A festival of enlightenment, of the triumph of good over evil, will take place in Barron Park this Sunday, Nov. 15, when residents join together for Diwali, the ancient Hindu Festival of Lights.
The event, which is open to all those who live in the Barron Park neighborhood, is the latest in a series of Barron Park Association-sponsored diversity activities, which strive to share the cultures of new immigrants with their neighbors and build community. It will include a henna booth, Indian music, dance, food and chai, and plenty of good spirits during the three-hour event that starts at 2 p.m. at Barron Park Elementary School.
Beyond observing a tradition, the Barron Park festival has taken on a broader significance for its organizers.
"I've been here six years, and we didn't know each other," Nita Ganapathi said of the 12 to 14 people on the Diwali committee. But just working together as organizers is enabling them to form relationships, within and without the Indian community.
Committee member Lydia Kou agreed.
"I've learned about their culture. They are very giving people. I've just enjoyed the friendship, rather than walking by with a solemn 'Hello,'" she said. "And they know how to party."
Ganapathi and fellow committee member Jaya Pandey smiled.
"We break into a dance at the drop of a hat," Ganapathi said.
Diwali marks the start of the Indian new year and takes place after the fall harvest. Its traditions date back to at least the mid-first millennium A.D., according to scholars. It celebrates the three aspects of the feminine: power, wisdom and abundance, Ganapathi said. And it is about cleansing the negativity inside oneself.
Pandey said Diwali is preceded by Navratri (also known as Navrathri), which goes on for nine nights and 10 days. Navratri is a time to pay homage and respect to ancestors and to the Divine Mother Durga -- the mother of the universe. A large lamp stays lit for all nine days, worshiping the nine forms of Devi, the female goddess.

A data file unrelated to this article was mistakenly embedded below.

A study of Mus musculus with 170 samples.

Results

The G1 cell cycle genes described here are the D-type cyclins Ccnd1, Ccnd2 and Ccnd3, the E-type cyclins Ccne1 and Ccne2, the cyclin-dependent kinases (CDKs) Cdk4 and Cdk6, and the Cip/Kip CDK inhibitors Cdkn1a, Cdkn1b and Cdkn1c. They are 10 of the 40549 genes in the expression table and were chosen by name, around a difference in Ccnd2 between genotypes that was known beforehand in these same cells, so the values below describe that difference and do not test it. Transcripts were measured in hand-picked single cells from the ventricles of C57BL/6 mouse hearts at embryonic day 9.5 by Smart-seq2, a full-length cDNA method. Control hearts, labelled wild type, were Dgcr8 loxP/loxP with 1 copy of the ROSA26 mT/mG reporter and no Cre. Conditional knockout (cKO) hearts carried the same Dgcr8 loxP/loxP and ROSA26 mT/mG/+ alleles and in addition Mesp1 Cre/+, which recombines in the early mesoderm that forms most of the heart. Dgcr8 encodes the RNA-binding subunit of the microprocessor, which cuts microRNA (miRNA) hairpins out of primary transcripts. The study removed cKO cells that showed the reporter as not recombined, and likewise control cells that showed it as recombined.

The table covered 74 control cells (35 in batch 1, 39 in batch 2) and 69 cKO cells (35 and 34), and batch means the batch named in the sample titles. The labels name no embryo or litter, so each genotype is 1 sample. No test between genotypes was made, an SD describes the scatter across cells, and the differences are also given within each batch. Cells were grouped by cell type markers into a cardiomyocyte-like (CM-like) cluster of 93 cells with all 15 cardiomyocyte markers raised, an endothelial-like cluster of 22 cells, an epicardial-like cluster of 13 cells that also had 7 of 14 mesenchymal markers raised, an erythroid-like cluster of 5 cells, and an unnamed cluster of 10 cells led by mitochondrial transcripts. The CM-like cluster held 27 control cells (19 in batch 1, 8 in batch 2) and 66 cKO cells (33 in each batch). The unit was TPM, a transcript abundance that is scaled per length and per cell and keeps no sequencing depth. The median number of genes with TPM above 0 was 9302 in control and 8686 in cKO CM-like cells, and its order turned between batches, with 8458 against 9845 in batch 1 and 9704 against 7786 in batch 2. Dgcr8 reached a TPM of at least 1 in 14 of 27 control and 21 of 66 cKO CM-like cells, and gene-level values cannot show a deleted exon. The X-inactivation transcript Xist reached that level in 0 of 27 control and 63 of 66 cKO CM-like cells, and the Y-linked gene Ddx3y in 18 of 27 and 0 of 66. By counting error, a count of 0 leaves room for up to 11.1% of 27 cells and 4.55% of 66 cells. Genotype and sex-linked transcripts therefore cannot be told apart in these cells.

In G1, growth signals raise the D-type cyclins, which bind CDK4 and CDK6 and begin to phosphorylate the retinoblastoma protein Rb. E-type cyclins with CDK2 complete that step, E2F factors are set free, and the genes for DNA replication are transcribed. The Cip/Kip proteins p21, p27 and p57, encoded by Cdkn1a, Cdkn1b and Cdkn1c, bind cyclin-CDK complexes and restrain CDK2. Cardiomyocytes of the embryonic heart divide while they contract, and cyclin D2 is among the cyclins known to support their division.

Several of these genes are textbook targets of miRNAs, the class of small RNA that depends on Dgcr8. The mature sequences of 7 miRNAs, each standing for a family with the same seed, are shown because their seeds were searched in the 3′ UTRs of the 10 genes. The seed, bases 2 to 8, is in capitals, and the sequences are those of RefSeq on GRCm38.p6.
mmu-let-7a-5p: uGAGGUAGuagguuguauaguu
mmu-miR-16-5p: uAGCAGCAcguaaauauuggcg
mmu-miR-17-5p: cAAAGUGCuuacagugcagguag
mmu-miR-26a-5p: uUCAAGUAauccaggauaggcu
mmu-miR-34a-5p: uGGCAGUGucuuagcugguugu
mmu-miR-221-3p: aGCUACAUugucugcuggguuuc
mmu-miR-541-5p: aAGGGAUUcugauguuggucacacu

"It is a light to the sky, to the heavens," Ganapathi said.
Hindus then celebrate Diwali for five nights. The main celebration typically occurs on the new moon, the darkest night, in late October or in November. Every state in India has a variation on Diwali, Pandey and Ganapathi said.
People clean and repair their homes and businesses and add colorful decorations. They honor important relationships and friendships.
Lights -- from hundreds to thousands -- fill every room and are kept burning throughout all of the days of the festival. On other festival days, there are special bathing rituals in some regions, and women decorate their hands with henna, the symbols of which are thought to bring blessings and protection.
The third night of Diwali honors Lakshmi, the goddess of material and spiritual wealth, fortune and prosperity. People dress in their finest or new clothes and jewelry and open their doors and windows, lighting the way with lights and lanterns for Lakshmi to enter and bring prosperity.
The new clothes and cleaned homes and businesses also signify life's transitory nature, Pandey said.
"Everything is impermanent. You don't have to possess things," she said.
In the two days following the main celebration, spouses celebrate their mutual love and devotion and siblings celebrate their loving relationships.
Ganapathi said that Diwali also offers a sense of continuity.
"All of the generations get together, and it's a way to pass on the culture," she said.
For expatriates like Ganapathi and Pandey, handing down traditions to younger generations can be somewhat problematic because, in a sense, the elder generation is stuck in a time capsule, Ganapathi said.
"What we did 20, 30, 40 years ago, we're stuck in that," she said of traditions they've imported to the United States. But in India, the culture is continually growing -- assimilating both the ancient and the modern.
"It continually accepts new things into it," she said.
It's the universal values -- the concepts of love, devotion, friendship and neighborliness -- celebrated in Diwali that remain constant, they said. And ultimately, that's what they hand down.